University of Arizona shooting suspect to be held without bond

KOLD News 6-6:30 p.m. recurring
Published: Oct. 20, 2022 at 4:55 PM MST|Updated: Oct. 20, 2022 at 7:16 PM MST

Authorities said Dervish fatally shot professor Thomas Meixner on campus on Wednesday, Oct. 5. Dervish had been a graduate student in the program before he was expelled in June.

At Thursday’s arraignment, Dervish pleaded not guilty to charges of first-degree murder, aggravated assault, first-degree burglary, misconduct involving weapons and three counts of endangerment. His next court date will be 9 a.m. Nov. 17.

During the ruling, the judge called him “dangerous.”

Dervish’s public defender, Christopher Lynch, asked at the hearing that the judge to bar media from the courtroom. After the judge rejected Lynch’s request, he asked that the media not take images or videos of Dervish in his jail uniform, which was also denied.

Lynch expressed concerns that, because the University of Arizona employs so many people and has thousands of students, Dervish’s right to an impartial jury could be threatened. The judge responded, “justice grows the best in the full light of day.”

University of Arizona police detective Todd Kaufman testified that officers were called in November 2021 in response to an incident between Dervish and two professors: Meixner and Xiquan Dong.

Kaufman told the judge that Dervish had contested a grade he had gotten in one of Dong’s classes and appealed to the department head, Meixner. When Meixner said the grade would stand, Dervish reportedly started yelling.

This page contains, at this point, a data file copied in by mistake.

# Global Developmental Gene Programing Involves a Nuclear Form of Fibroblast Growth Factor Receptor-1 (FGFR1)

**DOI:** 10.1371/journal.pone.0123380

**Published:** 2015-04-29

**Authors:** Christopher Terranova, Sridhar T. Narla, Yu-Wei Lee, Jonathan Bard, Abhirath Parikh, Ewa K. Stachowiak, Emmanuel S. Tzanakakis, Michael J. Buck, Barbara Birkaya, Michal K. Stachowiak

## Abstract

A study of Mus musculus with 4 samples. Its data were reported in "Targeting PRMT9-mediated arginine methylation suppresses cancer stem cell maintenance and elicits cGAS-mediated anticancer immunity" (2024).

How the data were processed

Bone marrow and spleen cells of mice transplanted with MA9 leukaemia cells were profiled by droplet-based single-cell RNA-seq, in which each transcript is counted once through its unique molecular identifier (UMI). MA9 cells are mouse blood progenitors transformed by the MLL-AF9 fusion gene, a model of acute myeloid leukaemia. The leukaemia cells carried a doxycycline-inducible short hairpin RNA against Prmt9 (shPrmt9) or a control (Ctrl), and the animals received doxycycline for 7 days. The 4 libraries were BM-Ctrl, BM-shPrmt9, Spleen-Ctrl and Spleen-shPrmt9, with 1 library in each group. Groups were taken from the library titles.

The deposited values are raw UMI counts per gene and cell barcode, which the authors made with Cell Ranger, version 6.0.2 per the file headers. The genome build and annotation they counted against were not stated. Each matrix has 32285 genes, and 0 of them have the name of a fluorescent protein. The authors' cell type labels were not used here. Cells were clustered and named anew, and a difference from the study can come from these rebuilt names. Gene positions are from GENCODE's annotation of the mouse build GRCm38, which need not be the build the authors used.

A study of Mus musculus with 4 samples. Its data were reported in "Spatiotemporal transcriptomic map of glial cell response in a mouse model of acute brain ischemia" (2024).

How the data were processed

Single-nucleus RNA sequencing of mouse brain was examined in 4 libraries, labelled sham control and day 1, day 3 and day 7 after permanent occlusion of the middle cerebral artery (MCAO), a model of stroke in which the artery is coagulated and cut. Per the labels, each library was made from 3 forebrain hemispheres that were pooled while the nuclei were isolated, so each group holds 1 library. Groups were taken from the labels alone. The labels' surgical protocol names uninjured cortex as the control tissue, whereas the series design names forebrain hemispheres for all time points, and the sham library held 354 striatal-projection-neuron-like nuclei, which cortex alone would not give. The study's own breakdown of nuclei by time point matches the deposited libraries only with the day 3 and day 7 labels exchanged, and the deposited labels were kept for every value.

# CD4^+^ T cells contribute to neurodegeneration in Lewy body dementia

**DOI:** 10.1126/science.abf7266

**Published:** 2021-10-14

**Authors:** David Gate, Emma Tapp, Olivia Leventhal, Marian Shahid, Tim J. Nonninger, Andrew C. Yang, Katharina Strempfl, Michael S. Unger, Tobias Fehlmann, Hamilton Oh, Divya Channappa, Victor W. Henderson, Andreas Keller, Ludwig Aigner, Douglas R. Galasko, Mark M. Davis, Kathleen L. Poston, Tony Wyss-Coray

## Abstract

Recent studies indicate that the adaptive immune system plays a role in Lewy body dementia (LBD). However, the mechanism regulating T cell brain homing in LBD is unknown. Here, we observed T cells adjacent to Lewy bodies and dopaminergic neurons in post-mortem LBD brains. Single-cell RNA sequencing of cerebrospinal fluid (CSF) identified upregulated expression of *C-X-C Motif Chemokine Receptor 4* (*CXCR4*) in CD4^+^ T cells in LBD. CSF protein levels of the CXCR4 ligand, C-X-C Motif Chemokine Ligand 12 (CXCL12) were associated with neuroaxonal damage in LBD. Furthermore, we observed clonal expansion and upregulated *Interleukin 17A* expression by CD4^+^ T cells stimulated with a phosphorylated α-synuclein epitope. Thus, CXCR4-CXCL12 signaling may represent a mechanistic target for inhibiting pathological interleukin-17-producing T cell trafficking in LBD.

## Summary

Dervish was terminated from his position as a teaching assistant later that semester.

Kaufman said Dervish then began sending threatening emails, containing anti-Semitic and homophobic slurs, to Meixner, Dong and other professors. He was then expelled.

Dervish was spotted on campus in March, Kaufman testified, the day after he received his expulsion letter.

Dervish allegedly tried to buy a handgun on a website similar to Craigslist, Kaufman said, but the seller was alarmed by something Dervish had said and notified Tucson police of it.

Prosecutors showed text messages from Dervish’s phone number.

The seller wrote in a text message they planned to pull the gun off the website and keep it if it didn’t sell for $550.

“A couple bucks really doesn’t matter at all since I’m going to use it to kill several others and myself,” Dervish wrote back.

Prosecutors also displayed emails from Dervish to Meixner, in which Dervish wrote, “you are the most disgusting piece of [expletive] I’ve ever met. I hope someone blows your [expletive] head off.”

Authorities say Dervish bought a 9mm handgun, likely through a private sale, between August and September.

At the time of Meixner’s shooting, authorities said, he was bleeding from several gunshot wounds to his chest and one to his neck. Though first responders tried to save his life, he was pronounced dead 15 to 20 minutes later.

University of Arizona President Dr. Robert Robbins said the school took several steps to keep Dervish off campus, including twice seeking charges for threats Dervish allegedly made against Meixner and others. But the Pima County Attorney’s Office said there wasn’t enough evidence to move ahead with charges both times.